After an uneven start to their season, the Denver Nuggets are 7-3 in their last 10 games and have hopes of qualifying for the playoffs in the Western Conference, where they’re currently one loss behind Portland for the eighth seed. Despite their youthful roster, the Nuggets are 21-27 and with lineup issues settled, feel as though they’ve turned a corner.
But the Nuggets gold rush may be hitting a temporary speed bump.
According to a report from USA Today’s Sam Amick, Nuggets forward Wilson Chandler wants to be traded:
The 29-year-old Chandler, who has been having a career season (15.4 ppg, 6.7 rpg), has been a casualty of the lineup changes, and is now coming off the bench. According to Amick, Chandler is frustrated with his current role…
The recent decision of Nuggets coach Mike Malone to reinsert forward Kenneth Faried into the starting lineup moved Chandler to a reserve role, with Danilo Gallinari filling the starting small forward spot (though he injured his groin in a loss to Memphis on Wednesday night). In all, Chandler – who had just four points (two of six shooting) in 25 minutes against the Grizzlies – has started in 13 of 44 games.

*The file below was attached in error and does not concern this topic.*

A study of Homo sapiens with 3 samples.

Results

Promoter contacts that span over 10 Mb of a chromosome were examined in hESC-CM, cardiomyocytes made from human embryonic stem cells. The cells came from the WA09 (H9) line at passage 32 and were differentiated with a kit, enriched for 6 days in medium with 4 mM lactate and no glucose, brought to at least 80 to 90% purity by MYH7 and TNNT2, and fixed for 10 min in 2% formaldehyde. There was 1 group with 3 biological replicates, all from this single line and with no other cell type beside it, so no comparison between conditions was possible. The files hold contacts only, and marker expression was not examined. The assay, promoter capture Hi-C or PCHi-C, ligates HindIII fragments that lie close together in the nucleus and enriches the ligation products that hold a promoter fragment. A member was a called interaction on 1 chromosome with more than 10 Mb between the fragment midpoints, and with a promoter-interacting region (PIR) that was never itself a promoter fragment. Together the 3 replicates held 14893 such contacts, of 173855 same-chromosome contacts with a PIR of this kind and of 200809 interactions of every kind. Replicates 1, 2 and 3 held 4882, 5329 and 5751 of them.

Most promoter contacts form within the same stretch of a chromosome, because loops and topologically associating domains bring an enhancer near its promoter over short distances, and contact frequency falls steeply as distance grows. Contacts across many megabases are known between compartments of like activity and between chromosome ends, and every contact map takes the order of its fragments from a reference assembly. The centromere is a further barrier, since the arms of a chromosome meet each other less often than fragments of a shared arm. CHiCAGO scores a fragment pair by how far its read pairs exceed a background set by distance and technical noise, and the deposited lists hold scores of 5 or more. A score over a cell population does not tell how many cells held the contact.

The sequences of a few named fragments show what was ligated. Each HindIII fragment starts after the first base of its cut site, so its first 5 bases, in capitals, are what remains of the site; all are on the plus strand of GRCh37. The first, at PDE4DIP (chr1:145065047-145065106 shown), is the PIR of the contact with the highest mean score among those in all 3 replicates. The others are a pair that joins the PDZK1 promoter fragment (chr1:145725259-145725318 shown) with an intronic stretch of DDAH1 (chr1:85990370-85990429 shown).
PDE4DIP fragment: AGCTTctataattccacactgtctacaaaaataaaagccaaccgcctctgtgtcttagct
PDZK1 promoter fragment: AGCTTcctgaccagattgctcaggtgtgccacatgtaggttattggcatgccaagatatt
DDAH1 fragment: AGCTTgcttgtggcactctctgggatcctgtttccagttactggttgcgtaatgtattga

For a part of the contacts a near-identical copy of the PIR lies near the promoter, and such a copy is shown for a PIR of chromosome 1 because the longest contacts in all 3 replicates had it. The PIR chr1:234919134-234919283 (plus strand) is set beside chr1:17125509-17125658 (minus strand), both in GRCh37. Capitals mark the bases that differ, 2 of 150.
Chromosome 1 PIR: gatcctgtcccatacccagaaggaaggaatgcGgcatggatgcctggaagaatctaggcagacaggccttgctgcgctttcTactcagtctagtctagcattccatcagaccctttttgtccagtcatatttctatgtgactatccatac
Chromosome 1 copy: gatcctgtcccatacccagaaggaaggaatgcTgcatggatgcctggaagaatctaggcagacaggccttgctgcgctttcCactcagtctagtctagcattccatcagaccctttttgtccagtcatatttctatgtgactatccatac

While it’s not believed that Chandler has requested a trade, the Nuggets – who currently owe him a combined $36 million for this season and next two (player option in 2018-19) – are known to be aware of his concerns. The only question now is which team might step up to help get a deal done.
The NBA’s recent summer of skyrocketing salaries may help the market for Chandler, as his annual salary ($11.2 million this season) isn’t nearly as exorbitant as was once perceived. Such is life in today’s NBA, where the cap – which was $63 million just two seasons ago before the nine-year, $24 billion television rights deal with Turner and ESPN changed everything – is expected to be $102 million next season. As such, and with max contract players making upwards of $30 million annually, productive players like Chandler will come at their own elevated premium in the league’s unprecedented landscape.
Chandler’s hope, it’s quite clear, is to stop paying a price of his own for the way the Nuggets’ roster was built.